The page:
Frequently Asked Questions
Are snoring and sleep apnea the same thing?
No. Snoring occurs when air causes noisy vibrations in the nose, throat, or sinuses, and it can have several causes, including nasal injuries, sickness, or sleep apnea. Alternatively, sleep apnea is a health condition that involves pauses in breathing during rest that last for ten or more seconds each. Not every patient who has sleep apnea snores, and not every patient who snores has sleep apnea. However, snoring is a common symptom of sleep apnea because of airway blockage.
What are the different types of sleep apnea?
There are two different types of sleep apnea. Central sleep apnea (CSA) takes place when the brain is not sending out the correct signals for the body to inhale and exhale properly, while obstructive sleep apnea (OSA) occurs when the patient’s airway is partially or fully blocked during rest because of the tongue or neck tissue. OSA is much more common, although some patients may suffer from a combination of the two types.
How can I get my sleep apnea diagnosed?
The very first step patients need to take when determining whether or not sleep apnea is likely is the completion of our STOP-BANG assessment. This short, simple questionnaire will provide a clear indication of whether or not you’re at risk, and our team will be sure to schedule a complimentary consultation right away if your results skew towards the positive. If our in-person findings are concerning, we will refer you to a nearby sleep testing center for a solid diagnosis. Dr. Claire Haag believes strongly in taking a team approach to sleep apnea care, which is why we work with several of the top physicians from Bryan Health hospital when identifying and treating sleep apnea. Our staff will help you determine which sleep apnea treatment option is right for you (oral appliance therapy, CPAP treatment, or combined therapy), and we’ll also provide guidance and assistance when it comes to maximizing your available insurance benefits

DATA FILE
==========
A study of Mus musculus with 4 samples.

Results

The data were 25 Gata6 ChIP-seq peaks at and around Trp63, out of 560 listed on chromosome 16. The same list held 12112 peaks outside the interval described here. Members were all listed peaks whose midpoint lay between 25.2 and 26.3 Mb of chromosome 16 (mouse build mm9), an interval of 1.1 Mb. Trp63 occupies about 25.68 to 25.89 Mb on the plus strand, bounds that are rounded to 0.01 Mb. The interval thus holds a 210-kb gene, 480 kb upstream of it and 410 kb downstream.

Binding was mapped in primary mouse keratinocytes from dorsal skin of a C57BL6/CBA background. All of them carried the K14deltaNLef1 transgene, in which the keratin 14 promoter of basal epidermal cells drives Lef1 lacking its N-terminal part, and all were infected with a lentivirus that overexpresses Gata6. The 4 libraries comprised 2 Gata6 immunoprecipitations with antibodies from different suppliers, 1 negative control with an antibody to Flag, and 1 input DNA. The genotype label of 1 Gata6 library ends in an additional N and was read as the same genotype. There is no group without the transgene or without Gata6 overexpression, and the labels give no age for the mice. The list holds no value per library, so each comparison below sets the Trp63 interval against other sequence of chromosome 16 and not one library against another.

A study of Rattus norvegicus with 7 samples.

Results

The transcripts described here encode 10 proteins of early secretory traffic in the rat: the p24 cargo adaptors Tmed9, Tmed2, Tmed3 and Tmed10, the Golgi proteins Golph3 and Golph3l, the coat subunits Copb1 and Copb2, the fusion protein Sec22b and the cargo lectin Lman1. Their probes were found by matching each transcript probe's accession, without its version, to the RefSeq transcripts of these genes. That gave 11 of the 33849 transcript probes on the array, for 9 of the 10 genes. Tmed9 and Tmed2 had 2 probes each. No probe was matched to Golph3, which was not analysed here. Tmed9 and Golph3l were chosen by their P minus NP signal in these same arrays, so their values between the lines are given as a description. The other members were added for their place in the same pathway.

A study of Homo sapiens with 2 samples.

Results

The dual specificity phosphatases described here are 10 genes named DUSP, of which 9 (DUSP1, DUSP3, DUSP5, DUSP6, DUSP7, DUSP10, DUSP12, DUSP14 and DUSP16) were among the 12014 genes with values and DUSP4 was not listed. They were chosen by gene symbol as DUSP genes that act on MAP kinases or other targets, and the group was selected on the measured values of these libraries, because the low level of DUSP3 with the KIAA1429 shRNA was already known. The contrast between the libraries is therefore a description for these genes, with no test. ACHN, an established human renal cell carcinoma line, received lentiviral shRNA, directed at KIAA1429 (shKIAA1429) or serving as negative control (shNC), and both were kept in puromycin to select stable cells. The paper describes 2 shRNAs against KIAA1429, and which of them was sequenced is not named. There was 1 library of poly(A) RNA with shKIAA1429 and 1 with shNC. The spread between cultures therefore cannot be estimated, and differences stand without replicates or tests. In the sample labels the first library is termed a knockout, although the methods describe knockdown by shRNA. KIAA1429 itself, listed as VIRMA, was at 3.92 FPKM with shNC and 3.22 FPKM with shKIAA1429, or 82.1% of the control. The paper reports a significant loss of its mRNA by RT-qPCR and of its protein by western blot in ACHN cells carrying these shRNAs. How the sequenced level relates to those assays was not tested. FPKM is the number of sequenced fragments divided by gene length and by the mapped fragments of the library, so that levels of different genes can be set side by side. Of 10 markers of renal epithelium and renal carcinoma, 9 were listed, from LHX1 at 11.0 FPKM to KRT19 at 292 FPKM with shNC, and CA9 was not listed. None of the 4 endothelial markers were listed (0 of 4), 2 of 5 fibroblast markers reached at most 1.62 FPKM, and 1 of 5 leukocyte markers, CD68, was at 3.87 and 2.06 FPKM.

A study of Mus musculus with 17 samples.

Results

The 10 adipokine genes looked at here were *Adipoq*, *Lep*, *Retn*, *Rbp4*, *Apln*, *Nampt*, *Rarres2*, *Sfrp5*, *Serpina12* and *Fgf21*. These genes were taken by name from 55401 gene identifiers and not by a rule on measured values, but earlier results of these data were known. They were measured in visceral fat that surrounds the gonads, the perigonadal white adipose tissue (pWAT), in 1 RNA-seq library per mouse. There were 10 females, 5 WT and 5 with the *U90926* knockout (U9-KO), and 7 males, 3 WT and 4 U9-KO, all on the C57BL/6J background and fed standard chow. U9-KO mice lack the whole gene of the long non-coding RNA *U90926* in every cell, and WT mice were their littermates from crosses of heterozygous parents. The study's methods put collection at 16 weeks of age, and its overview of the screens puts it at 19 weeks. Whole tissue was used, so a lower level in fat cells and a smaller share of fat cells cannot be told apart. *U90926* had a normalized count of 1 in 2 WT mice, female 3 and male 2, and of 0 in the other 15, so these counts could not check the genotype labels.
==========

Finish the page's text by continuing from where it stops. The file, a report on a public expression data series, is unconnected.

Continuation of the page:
I’ve already been diagnosed with sleep apnea. What now?
Please schedule a complimentary sleep apnea consultation with Dr. Claire! During this important visit, we’ll be able to determine whether or not oral appliance therapy is right for your situation.
Does oral appliance therapy work as well as CPAP treatment?
There are several cases where oral appliance therapy can be just as effective (or even more effective) than CPAP treatment. The main cause for this is that patients are altogether more likely to continue using their oral appliance on a regular basis. Many patients are unable to handle the loud noises and bulky machinery associated with CPAP treatment, causing them to forego use. Alternatively, oral appliances are more comfortable, more convenient, and easier to travel with. Combined therapy with both oral appliance therapy and CPAP treatment is also an option!
Does my insurance cover the cost of sleep apnea treatment?
You actually won’t rely on your dental insurance to cover the cost of oral appliance therapy in most cases – instead, your medical insurance/Medicare offers partial payment for it. Our team will be happy to help maximize the benefits of your current coverage.